Saturday, September 24, 2016


I found this cape at my favourite thrift shop The Pink House. I swear, at least half my wardrobe is from this one thrift shop. The pink sweater from the post below (which is easily one of my favourite pieces), and the black dress from this earlier post, are both from there as well. I've been gravitating a lot towards statement pieces lately, rather than outfits with multiple prints and points of focus. I still love a great combination of prints (as well as layers), but when I get dressed now, I find myself building each outfit around one particular garment, rather than a few different ones.

This shirt is from there as well. I'm kinda realizing right now how much I've been into this black/green/pink colour combo. I almost never go shopping with an exact colour or garment in mind, so it's fun to see how everything I've purchased recently goes together naturally.

Now that I've written the serious post I was inevitably going to write at some point (see below), I can say that 2016 has actually been an awesome year so far. It's been a year of change and movement. I've experienced a confidence and happiness I forgot I could feel. I've made new friends, reconnected with old ones, gone to a bunch of incredible shows (most notably Eagles Of Death Metal, Ghost and Tribulation) and moved to a new place (among other things). All in all, I'm grateful for the last year and am proud of myself for turning the lead I was given into gold (again, see post below).

The title of this post, btw, is a reference to both a song by Iggy Pop and Josh Homme (off Post Pop Depression) and a song by Josh Homme's former band Kyuss (off Welcome To Sky Valley) - 2 very different songs that I love immensely.

Sunday, September 4, 2016


I was 20 when I started this blog in 2010. If I had tried then to imagine my life at 26, it wouldn't have been anything like it is. Thankfully, though, this isn't a bad thing. Ideally, I would've moved away in 2013 and escaped the events of the last 3 years, and I would've had my dream design business up and running, but life threw me an intense curveball, and the lessons I've learned as a result, through reclaiming my life, are far more powerful than anything I could've wrapped my head around 6 years ago.

To rewind a little, late 2013 through late 2015 was Hell for me. Not just a nightmare, but absolute Hell. I used to think how nice it would be if I could write about the experience here or elsewhere (just to get it out), but I no longer feel the need to explain it in detail. I also don't believe I could ever truly describe how painful and paralyzing those 2 years were. Without exaggeration, everything I ever built my life/identity/beliefs on for the first 22 years of my life crumbled completely during those 24 months. Living with someone who put me through Hell, watching those I love most get sick and lose their footing, experiencing anxiety on a level I never dreamed possible (constant full blown panic attacks) and realizing the spiritual beliefs I built my confidence and self worth on were a lie, ate away every last fiber of who I thought I was. If all this sounds dramatic, that's because it was.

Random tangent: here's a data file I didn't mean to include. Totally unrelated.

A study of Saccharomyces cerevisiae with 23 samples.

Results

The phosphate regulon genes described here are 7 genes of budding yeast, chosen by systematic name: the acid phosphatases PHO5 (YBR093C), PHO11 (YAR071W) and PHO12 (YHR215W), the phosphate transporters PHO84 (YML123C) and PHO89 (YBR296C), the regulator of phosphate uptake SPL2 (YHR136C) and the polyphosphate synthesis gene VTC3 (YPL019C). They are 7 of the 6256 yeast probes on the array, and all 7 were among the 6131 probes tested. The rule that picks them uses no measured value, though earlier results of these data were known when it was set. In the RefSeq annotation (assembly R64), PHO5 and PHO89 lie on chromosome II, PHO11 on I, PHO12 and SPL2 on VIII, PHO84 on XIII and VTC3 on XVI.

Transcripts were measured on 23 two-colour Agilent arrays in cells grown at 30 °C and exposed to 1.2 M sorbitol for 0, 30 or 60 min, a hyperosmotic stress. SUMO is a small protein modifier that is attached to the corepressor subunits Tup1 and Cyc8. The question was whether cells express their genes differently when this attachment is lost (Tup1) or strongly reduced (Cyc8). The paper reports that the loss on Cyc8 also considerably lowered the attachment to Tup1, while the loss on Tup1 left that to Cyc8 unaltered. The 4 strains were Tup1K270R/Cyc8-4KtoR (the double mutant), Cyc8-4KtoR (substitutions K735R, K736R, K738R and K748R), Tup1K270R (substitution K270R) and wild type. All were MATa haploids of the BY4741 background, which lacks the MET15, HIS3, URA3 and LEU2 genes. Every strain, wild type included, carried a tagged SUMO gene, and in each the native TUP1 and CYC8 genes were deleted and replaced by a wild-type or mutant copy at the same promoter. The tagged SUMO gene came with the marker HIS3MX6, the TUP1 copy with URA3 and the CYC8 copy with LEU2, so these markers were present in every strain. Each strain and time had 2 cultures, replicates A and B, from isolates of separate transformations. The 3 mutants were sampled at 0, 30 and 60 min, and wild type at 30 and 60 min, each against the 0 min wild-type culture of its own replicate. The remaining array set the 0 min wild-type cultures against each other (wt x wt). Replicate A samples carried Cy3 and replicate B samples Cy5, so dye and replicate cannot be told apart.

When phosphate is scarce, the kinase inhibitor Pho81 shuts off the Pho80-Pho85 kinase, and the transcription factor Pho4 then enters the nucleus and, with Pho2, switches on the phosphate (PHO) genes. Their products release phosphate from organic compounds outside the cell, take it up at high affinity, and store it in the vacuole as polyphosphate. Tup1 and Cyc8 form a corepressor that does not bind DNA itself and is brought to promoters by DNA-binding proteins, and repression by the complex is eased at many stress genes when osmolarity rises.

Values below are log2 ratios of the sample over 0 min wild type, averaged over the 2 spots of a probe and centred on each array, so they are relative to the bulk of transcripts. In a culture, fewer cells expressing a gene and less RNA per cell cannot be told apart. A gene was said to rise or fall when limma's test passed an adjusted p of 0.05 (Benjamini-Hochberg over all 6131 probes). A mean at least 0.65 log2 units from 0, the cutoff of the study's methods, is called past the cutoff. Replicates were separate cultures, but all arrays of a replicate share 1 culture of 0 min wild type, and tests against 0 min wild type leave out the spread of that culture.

I was even suicidal. How do I begin to describe what that actually feels like? It's as though some impossibly large, unbeatably strong shadow figure, comprised of every negative thought/feeling/experience you've ever had and every horrible thing anyone's ever done to you, is compounded into one purely dark energetic force, grabbing you by the throat from behind and screaming at you to kill yourself. It's Hell. I've never romanticized suicide in my mind and never thought I'd be suicidal, but for at least 2 weeks, I reached that lowest of points.

Things did get better (obviously), but the process was slow. Climbing my way out of Hell (which someone else dragged me into), and doing so entirely on my own, did not restore me to who I was circa 2012 before this all went down. It stripped away everything until I was left with only the essence of who I am. It broke the shell completely and peeled back each layer of conditioning I had built my identity on. I realized how much of my true self I had compromised over the years in the name of pleasing people. I never thought of myself as a people pleaser, but I was. I always tried to appeal, simultaneously, to the various groups I was a part of (my Christian family, the friends I smoked weed with in high school, those I traveled to Haiti and Tanzania with as missionaries, the friends I made in fashion school, etc.). It's not that I ever pretended to be something I wasn't, it's that I was all of these things and that's not easy for people to put neatly in a box. I always felt like there was something about myself I had to hide, depending on who I was with, but now I just don't care.

In rebuilding my life, I didn't rebuild who I was in 2012, I remembered who I was long before that, and what has always been there, deep beneath the delicate facade - a version of myself far stronger, more confident, less apologetic, more primal and no less friendly or empathetic. I have zero tolerance for Bullshit. And by that, I mostly mean people. I will never, ever, under any circumstance, let someone treat me the way this person did, ever again. People who hurt me, use me or just want to feed off my energy vampirically, have no place in my life, period.

What I feel now is something akin to waking up after a long sleep to find myself in a vast landscape, stretching as far as the eye can see, and looking up at the most breathtaking sunrise I've ever seen. It's not a warm, fuzzy feeling, like curling up on the couch in your small suburban home, or some fantastical feeling, like a dream that's always just out of reach. It's something bigger, wilder and more dangerous, like that feeling that maybe, just maybe, anything is possible.